Having Zipped Through Act One Of My New Play, Time to Let My Subconcisous Catch Its Breath Before Writing More, Maybe
So, the last couple of weeks, as I’ve mentioned, I’ve been writing a new play. The good news, having finished the first act, I have yet to reach the inevitable phase of crippling self-doubt and loathing about my work as a writer or worth as a mammal that has usually come along well before this point. This may be a or good or bad sign; it’s most likely it’s no sign at all.
As I mentioned earlier, I wrote it with specific actors in mind (a thing I seldom do): three, to be precise. One has written back very encouragingly about the first (draft) of the first act. The other two haven’t, but they’re both taking care of small children, living seemingly fulfilling lives, and sitting down to read an entire act requires time and solitude – something neither woman has much excess of these days, I’m guessing. So, I’m in no way worried or upset about that.
“That’s Not Writing, That’s Typing.”
That’s what Truman Capote said when he heard how fluidly and quickly Jack Kerouac penned (or, more literally, typed, On The Road). Point taken. Just because it’s coming quickly, almost unconsciously, means it’s any good (Not to disparage Kerouac’s famous work). I’ve certainly gone over and and over and over what I write as I write it, and am forever cutting, altering or adding things (a decided advantage of writing on computer), so it’s a little disingenuous to call it purely a first draft.
Besides, Edward Albee allegedly wrote Who’s Afraid of Virginia Woolf in a weekend. A freaking weekend. Maybe it was like President’s Day Weekend, but still. And Arthur Miller started and finished Death of a Salesman in roughly six weeks. So, speed is clearly not always a bad thing.
I’m up in Maine, at my girlfriend’s cottage (it’s technically a camp, she informs me, and she should know, but it feels cottage-like to me), away for about a week to get some much needed escape from my more or less self-isolating apartment I’ve spent the better part of six months in (an earlier illness of my father’s more or less kept me there since December). I’m trying hard to relax, an oxymoron, I know. But I’m partially succeeding (relaxation always feeling unintuitive to me).
A Cottage/Camp/Cabin/Building In Maine On A Lake! What A Delightfully Cliched And Pretentious Way To Spend Some Time Writing!
I assumed I would, in addition to spending some quality time with my smart and lovely girlfriend (a writer herself), spend many happy hours clicking away on the keyboard, trying to suss out Act II. The thing is, I haven’t felt the urge to write a thing since I’ve arrived. I mean, I’m been thinking about the play, though not nearly as often as I usually do when I’m working one, and even then only fleetingly and vaguely.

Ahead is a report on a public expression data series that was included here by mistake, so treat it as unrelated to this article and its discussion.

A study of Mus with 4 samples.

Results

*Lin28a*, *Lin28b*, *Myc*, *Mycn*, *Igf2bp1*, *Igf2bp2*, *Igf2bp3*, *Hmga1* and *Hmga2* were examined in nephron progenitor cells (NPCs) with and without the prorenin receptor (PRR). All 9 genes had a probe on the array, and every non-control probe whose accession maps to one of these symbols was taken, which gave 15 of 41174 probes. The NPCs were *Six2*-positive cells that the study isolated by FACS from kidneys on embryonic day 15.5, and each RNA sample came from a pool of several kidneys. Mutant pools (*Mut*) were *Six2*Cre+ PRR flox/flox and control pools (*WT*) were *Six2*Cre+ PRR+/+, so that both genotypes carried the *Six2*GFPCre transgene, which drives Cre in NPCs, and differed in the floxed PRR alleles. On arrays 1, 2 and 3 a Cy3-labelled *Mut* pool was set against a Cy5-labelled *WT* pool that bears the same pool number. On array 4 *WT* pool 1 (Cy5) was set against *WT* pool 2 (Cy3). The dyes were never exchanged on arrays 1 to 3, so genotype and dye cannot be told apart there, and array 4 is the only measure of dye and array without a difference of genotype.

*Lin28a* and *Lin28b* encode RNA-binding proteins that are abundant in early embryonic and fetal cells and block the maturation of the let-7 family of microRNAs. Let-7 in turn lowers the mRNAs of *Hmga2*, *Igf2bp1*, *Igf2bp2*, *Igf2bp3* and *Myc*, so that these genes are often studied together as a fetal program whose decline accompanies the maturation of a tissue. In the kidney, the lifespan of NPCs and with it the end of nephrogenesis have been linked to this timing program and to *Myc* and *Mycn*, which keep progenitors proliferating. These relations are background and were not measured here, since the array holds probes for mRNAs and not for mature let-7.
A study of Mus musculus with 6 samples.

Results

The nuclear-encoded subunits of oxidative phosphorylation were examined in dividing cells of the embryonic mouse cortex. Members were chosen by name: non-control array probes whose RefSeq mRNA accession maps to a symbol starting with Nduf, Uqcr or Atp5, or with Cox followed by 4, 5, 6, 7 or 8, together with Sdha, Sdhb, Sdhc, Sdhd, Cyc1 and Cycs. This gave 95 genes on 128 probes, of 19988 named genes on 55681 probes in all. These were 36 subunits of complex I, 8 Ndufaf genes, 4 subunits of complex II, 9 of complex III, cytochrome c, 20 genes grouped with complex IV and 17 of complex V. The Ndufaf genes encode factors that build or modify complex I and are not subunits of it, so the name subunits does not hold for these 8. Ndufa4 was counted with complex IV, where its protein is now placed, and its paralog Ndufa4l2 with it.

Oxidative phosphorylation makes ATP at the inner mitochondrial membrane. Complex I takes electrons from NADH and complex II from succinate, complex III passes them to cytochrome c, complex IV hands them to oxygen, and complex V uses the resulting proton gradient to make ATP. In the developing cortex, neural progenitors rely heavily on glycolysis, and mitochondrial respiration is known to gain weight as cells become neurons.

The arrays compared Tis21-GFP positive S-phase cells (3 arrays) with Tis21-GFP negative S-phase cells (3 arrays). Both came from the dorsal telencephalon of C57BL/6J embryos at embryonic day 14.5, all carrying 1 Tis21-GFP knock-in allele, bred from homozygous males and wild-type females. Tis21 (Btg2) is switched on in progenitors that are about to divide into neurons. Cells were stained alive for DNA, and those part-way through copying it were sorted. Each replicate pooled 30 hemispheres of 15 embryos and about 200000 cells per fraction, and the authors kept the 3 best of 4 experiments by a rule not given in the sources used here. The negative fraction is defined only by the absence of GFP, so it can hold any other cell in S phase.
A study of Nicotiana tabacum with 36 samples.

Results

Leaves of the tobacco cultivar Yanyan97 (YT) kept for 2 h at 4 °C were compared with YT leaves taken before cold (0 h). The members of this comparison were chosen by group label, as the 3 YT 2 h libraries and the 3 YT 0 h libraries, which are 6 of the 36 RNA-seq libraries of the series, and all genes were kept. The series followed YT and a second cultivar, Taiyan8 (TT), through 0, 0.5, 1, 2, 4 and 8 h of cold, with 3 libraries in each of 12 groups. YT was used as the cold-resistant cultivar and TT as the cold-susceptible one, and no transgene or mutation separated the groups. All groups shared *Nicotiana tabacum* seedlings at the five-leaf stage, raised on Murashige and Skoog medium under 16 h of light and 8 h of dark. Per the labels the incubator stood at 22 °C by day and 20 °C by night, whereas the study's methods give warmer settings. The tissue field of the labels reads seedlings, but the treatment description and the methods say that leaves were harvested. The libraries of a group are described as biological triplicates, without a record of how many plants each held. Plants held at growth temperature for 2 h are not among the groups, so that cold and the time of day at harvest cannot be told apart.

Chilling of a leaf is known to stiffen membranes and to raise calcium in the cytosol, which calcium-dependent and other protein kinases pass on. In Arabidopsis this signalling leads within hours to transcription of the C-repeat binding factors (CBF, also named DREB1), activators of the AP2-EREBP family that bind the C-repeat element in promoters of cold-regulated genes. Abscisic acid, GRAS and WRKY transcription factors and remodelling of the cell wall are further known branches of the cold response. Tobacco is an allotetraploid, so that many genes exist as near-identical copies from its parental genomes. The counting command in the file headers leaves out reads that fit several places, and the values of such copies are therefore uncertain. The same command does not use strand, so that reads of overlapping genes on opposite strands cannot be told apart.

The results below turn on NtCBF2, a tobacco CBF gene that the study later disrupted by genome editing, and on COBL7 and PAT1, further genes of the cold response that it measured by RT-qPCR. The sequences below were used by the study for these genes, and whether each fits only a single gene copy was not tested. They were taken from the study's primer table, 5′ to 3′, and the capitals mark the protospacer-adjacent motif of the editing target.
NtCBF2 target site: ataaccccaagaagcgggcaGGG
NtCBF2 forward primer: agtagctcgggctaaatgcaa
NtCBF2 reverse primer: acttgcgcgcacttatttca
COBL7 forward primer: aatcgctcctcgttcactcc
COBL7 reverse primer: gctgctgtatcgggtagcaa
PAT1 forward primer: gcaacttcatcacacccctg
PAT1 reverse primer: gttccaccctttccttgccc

Instead I’ve gone on walks, read by the lake, and just tried with all my might to relax (again, I know, a potentially self-defeating approach to relaxation. I’m working it). I read a short and brilliant new novel by Lydia Millet, A Children’s Bible, and it’s one of those books that’s so good, so multi-faceted, I can’t speak intelligently about it all yet. I need a lot of time to gather my emotions and thoughts on it. It’s that good, I think.
Anyway, what I realize is that, when I’m writing at my best, it’s seldom, if ever, an intellectual process. I don’t do too much plotting (just enough to see a little bit ahead, and get a vague feeling about what might happen). What I think is, I’ve basically written everything I know about the story so far. The non-thinking part of my brain needs a little while to catch up and give me some intuition. I’ve decided to allow myself to be OK with that.
Besides, Sadly, There’s No Existential Rush.
I mean, who knows when theater will get back on its feet? Ugh. Let’s not even focus on the for the moment. The truth is, like many writers, I don’t write because I like to or necessarily even want to. It’s simply that I find I have a hard time not doing so for an extended period of time.
Anyway, The Point Is, I’m Trying To Teach Myself It’s OK, Maybe Even Good, To Step Away For Brief Interludes.
This is so self-evident, it’s axiomatic. But, to paraphrase Orwell, to see what is in front of one’s nose is a constant struggle. I’m learning to have confidence that, though I’m a firm believer of not stopping to getting in your own way when things are humming, it’s OK to try to recognize when that hum diminishes, and to have faith that it will come back when its ready to.
In the meantime, I am going relax and de-stress if it kills me.